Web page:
Bankable Bosman: a dual perspectiveComment on this story
It’s rare that one is given the chance to see a writer interpreted by different generations in classic and contemporary styles.
That’s exactly what happens with Tara Notcutt’s Mafeking Road and Nicky Rebelo and Jurie Steyn’s Post Office. Both based on the work of Herman Charles Bosman, their approach and interpretations are very different. Actor David Butler and writer/director Rebelo have certainly staked their Bosman claim – and having pulled it off again, it’s sweetly theirs.
The thing with Bosman is that for many of us, his stories are perhaps too familiar, but what Butler does is give it such a beautiful reading, one is easily seduced. Audiences have also cottoned on and from the first performance of this premiere run at the National Arts Festrival, the shows are packed out. Especially with a performer who plays with such delicacy and authenticity, the rich rewards are justified.
One could hear people whispering in admiration when the papers packed out on the counter because of dripping rain (all, of course, imaginary) were wet! It’s that kind of imagination and innovation that adds texture and nuance to the whole.
But even more compelling for those who had seen Notcutt’s funky Mafeking Road, probably by sheer coincidence, both shows had one similar story – that of the marathon psalm singing in the local Groot Marico church – which highlighted the differences, but also pointed to the diversity, of a writer such as Bosman when approached with integrity.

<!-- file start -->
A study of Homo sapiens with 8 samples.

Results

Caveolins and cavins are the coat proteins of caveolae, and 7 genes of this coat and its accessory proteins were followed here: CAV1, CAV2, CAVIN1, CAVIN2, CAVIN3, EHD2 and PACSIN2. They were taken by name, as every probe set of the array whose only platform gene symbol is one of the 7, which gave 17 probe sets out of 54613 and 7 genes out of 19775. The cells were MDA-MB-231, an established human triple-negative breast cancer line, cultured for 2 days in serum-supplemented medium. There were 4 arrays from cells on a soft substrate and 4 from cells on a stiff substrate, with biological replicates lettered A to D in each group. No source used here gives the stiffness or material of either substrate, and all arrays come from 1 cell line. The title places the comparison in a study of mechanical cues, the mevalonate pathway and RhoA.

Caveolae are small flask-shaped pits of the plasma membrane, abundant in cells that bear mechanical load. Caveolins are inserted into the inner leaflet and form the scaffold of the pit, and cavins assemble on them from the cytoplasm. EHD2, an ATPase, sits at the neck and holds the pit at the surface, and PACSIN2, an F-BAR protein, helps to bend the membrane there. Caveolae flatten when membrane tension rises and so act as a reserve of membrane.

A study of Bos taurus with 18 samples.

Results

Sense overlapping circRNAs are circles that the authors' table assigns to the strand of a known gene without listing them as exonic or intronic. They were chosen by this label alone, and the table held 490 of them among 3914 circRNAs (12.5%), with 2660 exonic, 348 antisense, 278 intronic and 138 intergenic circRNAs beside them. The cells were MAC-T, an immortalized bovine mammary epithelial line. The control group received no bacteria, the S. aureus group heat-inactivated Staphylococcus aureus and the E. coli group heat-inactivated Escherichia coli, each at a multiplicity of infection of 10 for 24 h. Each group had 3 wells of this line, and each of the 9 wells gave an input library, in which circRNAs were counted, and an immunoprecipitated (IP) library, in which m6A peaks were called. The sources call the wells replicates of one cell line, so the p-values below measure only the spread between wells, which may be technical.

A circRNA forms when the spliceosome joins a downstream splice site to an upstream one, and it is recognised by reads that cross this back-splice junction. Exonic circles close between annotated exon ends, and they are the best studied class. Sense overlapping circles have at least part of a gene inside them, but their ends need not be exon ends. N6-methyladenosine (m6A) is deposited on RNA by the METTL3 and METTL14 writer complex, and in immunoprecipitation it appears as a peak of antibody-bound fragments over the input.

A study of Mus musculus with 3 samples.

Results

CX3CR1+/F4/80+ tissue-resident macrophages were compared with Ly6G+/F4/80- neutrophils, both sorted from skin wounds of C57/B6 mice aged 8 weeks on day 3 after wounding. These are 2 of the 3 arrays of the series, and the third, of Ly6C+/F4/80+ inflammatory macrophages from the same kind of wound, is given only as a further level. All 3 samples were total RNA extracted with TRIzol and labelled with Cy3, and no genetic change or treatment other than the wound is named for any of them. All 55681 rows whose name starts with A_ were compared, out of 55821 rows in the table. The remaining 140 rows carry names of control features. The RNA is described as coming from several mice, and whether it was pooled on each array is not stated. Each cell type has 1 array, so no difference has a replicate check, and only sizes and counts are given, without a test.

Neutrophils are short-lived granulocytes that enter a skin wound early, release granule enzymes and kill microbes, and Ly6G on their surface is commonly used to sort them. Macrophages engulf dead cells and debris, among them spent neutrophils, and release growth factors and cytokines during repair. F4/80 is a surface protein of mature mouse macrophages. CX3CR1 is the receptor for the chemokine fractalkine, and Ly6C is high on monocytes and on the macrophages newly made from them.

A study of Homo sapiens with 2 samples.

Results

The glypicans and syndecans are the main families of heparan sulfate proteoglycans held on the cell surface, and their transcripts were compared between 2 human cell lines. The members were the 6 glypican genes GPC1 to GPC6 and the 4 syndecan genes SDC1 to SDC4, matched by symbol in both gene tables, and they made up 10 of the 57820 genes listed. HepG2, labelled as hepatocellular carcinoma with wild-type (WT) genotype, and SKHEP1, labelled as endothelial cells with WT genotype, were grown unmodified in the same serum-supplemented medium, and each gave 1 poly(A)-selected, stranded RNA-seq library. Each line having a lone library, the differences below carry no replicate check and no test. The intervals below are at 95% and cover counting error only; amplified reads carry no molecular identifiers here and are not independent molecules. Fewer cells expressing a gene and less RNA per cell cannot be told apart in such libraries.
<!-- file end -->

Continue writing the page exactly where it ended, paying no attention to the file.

Featuring two delightful actors, Andrew Laubscher and Mathew Lewis, theirs is a physical theatre performance and almost pushes Bosman into fast-forward as they skid across the floor to make entrances and exits, character changes that are lightning fast and animals are included in the range, and when the actors want some time out, they turn on themselves and discuss the merits of a specific interpretation.
It’s fast and funny, the antics of the performers as sexy as the Bosman storytelling and what these very different performances and styles tell you is that while this oft-performed writer might have fallen off your radar, by hook or by crook, his stories are good enough to do again and again when done with such delight and showmanship as both these shows display.
Let’s hope it’s a case of “have Bosman, will travel” because certainly both – classic and contemporary – are worth another season… or two.